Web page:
Today's LinkedIn Nugget

Being positive on #LinkedIn (part 1 of 5)

I declare this week’s blog posts to be positive all week. I meet a lot of people who are struggling to find the bright side. So these 5 posts will be for everyone, no matter your degree of positivity.

So here’s the first in this week’s series of “upward-looking, down-to-earth, centered-on-your-innate-abilities” blog posts: I urge you to share them with others to brighten your and their outlooks.

(Each graphic this week I found in a museum bookshop over the weekend.)

positivecofeecupBe positive, open, limitless.

Repeat that thought.

It takes a lot of upside to overcome some downsides.

You reach inward when you confront a challenge or get smacked with a defeat (remember it’s momentary). Try your best to persevere. Something else, perhaps even better, will come along. That’s the rollercoaster life of an entrepreneur.

Be sure your LinkedIn profile speaks well on your behalf by making every effort to make it the best you can. No one can speak your part like you can.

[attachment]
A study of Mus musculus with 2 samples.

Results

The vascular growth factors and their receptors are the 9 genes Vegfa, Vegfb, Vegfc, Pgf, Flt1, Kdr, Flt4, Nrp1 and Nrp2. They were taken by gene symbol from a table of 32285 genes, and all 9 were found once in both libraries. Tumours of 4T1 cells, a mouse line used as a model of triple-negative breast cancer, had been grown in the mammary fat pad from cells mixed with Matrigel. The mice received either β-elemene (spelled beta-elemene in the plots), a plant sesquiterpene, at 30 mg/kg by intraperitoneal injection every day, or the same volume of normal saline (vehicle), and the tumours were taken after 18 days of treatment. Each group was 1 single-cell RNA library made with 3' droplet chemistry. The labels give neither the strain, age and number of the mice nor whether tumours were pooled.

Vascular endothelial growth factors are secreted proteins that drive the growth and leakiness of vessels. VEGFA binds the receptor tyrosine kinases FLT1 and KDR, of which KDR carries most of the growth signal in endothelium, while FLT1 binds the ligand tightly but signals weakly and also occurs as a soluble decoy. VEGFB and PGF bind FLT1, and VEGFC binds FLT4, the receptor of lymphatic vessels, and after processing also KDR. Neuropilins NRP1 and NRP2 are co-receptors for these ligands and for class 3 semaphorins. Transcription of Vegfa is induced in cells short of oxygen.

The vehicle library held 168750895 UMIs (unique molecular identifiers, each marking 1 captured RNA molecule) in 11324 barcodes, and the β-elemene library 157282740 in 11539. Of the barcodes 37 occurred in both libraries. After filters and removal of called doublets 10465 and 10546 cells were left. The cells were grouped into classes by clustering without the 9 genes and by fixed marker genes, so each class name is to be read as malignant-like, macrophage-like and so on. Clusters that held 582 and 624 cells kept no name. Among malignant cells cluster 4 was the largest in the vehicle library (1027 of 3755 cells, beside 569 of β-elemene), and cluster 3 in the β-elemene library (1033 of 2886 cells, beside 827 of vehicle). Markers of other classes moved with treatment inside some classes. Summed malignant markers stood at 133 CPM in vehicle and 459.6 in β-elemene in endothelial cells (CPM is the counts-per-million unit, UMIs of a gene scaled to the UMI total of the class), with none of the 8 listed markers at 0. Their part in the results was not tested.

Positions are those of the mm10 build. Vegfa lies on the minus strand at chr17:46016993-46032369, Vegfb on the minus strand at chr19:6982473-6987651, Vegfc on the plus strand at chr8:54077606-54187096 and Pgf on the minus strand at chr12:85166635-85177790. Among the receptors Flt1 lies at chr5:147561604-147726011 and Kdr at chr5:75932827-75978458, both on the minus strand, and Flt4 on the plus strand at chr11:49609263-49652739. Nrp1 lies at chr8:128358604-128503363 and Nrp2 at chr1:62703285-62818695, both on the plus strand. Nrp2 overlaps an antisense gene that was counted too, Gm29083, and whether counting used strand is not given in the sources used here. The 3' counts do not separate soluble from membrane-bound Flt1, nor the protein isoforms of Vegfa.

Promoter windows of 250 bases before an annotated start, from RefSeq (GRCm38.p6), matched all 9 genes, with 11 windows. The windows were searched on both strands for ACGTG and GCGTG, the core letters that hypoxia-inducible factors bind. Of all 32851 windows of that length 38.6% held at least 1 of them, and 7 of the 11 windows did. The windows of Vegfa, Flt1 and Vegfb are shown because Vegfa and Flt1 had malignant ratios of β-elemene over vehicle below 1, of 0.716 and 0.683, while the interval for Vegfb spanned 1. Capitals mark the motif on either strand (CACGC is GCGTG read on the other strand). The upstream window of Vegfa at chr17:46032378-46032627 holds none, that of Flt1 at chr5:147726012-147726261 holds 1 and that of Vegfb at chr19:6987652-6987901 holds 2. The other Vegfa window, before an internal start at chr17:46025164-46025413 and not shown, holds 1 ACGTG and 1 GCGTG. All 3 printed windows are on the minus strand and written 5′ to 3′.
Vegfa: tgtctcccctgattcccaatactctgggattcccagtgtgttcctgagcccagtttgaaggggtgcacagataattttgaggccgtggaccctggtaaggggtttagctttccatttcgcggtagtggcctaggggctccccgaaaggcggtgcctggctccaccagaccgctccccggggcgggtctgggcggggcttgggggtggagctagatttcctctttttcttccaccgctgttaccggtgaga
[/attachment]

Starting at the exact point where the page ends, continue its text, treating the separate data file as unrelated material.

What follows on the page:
True story: I really wanted a piece of business. I could see a few of the company’s staffers reviewed my LinkedIn profile after I pitched them. Then we interviewed (each other). At the end the training manager explained to me that I was too old to offer the course. Yes, that’s what she told me. I warned her that just saying that was illegal, but I politely told her to check with her legal staff before she ever utters those words and told her I decided if that’s their attitude, I want to make a positive effect on another business.  Did it sting? Sure it did.

I find an upside in that ugly moment: an example for others. I tell that story to the babyboomer jobseekers I teach. I do not deny ageism exists. But you cannot fight what you cannot see. So I advise them to show the date of college/grad school degree(s) in LinkedIn profiles and show details of job experience in this century, while aggregating the jobs in the 1900’s together into one entry for context.

Tell your story. Embrace your seniority and experience. Offer it as a positive and proud aspect of your repertoire. They will figure out how old you are anyway, so save them the math gymnastics. If they don’t want you for your age, you don’t want to work there. Move on and up.

You are positive. If not, become so.

You are open. Share experiences with others who can benefit.

You are limitless. You must live your life that way.

Then all 3 become part of “why you do what you do.”